Center presents family benefits bill together with opposition | News

Center presents family benefits bill together with opposition | News

The bill would boost monthly child allowance to €100 per child plus €700 a month for those raising three to six kids and €900 for people raising seven kids or more.

“Four out of five Riigikogu parties have joined the bill that is fast becoming a political landmark,” Karilaid emphasized.

Center Party press representative Andres Kalvik said the bill is missing the signatures of all Reform MPs. The draft legislation was presented with 54 signatures.

“Several signatures are still missing, while I know people are with us. I hope we can find more support during proceedings,” Karilaid said, adding that he hopes the bill will be passed before Midsummer Day.

Reform Party whip Mart Võrklaev told ERR that Reform and Center agreed to discuss hiking family benefits in the 2023 state budget. Entering the bill into proceedings Võrklaev described as an uncoordinated step that will not have a positive effect on the health of the coalition.

Helme: Perhaps we can make child benefits happen without Reform

Chairman of the opposition Conservative People’s Party (EKRE) Martin Helme said that hiking child and family benefits is long past due.

“Reform Party policies have given Estonia the fastest price advance in the EU. The coalition recently sank a proposal to lower taxes and alleviate the price shock, while we now have a chance to raise child and family benefits despite Reform,” Helme said.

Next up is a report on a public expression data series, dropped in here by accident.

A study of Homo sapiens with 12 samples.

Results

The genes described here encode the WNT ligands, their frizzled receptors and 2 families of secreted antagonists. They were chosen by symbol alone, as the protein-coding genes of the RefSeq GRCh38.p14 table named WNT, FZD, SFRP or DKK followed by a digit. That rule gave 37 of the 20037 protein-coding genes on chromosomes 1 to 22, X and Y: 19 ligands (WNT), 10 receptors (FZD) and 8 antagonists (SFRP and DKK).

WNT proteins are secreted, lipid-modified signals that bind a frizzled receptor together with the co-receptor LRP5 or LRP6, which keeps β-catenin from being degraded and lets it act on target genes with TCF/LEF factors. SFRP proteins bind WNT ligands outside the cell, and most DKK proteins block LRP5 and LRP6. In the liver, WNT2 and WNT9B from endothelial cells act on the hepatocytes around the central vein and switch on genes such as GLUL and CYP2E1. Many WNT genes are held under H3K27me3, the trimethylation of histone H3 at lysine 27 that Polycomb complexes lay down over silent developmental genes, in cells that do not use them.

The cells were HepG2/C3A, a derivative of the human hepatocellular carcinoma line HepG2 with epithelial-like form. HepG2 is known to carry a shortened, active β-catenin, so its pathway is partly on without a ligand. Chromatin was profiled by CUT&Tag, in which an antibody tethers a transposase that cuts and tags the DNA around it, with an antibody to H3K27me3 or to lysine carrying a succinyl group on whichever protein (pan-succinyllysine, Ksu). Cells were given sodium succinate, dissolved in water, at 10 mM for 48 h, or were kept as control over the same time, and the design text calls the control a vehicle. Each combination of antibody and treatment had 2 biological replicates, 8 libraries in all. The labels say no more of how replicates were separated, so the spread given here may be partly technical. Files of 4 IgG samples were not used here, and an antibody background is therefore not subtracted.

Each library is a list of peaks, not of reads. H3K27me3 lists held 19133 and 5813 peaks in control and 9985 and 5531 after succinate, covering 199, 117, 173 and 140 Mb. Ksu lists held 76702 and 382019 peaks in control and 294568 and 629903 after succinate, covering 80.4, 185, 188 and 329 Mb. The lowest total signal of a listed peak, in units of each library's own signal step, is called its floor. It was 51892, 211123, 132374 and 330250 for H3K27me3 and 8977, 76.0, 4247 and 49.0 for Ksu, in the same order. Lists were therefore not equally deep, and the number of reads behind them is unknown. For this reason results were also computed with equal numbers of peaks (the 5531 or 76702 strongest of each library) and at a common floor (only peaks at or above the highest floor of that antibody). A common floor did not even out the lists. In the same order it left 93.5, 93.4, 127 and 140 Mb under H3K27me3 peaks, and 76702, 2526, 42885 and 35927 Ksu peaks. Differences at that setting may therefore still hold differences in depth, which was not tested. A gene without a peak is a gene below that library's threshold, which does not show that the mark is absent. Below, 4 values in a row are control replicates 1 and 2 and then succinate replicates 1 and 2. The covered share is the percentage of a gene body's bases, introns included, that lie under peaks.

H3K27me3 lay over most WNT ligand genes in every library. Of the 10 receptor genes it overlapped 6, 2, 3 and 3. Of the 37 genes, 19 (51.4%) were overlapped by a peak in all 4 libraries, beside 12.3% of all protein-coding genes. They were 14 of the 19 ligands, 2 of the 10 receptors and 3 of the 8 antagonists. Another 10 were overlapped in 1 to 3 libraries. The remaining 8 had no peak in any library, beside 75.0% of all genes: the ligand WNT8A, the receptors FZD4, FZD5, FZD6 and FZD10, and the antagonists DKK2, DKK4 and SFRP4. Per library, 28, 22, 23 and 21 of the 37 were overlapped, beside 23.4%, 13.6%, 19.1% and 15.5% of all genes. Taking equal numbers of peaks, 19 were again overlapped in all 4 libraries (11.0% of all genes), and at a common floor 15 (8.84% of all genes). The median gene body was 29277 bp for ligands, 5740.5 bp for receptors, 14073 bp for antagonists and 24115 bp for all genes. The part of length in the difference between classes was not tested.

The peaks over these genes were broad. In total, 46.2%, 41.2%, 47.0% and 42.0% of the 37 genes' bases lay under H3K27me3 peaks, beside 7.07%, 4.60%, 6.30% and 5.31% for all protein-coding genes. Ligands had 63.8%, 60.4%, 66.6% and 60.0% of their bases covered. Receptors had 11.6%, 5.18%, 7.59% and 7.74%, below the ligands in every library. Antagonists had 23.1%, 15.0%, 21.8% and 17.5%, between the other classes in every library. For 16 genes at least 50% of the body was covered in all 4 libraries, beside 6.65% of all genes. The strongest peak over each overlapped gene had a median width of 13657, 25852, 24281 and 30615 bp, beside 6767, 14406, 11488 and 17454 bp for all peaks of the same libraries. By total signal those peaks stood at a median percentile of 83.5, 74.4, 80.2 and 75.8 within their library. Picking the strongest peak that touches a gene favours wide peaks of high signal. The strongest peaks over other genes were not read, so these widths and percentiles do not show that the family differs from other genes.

“Raising children must not come with the risk of poverty. No child should go unborn because parents cannot afford to raise them. We cannot keep our people and culture alive relying on immigrants and must ensure a positive birthrate,” the EKRE leader added.

Opposition Isamaa party leader Helir Valdor-Seeder said hiking and indexing child benefits is an important step that is in accordance with longtime Isamaa policies.

“Supporting families with many children should be treated as an investment in the longevity of the Estonian people. Alleviating the demographic crisis is especially important now when the coronavirus has caused birthrate to drop and the war [in Ukraine] is adding to inflation fears. Looking at inflation today, the changes proposed by Isamaa would help thousands of families,” Seeder offered.

Head of the Social Democratic Party (SDE) Lauri Läänemets said that the most important thing is to help families cope with raising prices and fight child poverty.

“April inflation of 19 percent is a clear sign of danger considering our relative poverty rate. People have not seen this rate of collective impoverishment for a few decades. Soaring energy, fuel and food prices have affected people’s subsistence and hit less fortunate families. Rapid price advance continues and is a threat to the wellbeing of a lot of children. The government cannot treat its obligations as charity to only be pursued when the times are good. It is significant there is such broad consensus for supporting families today.”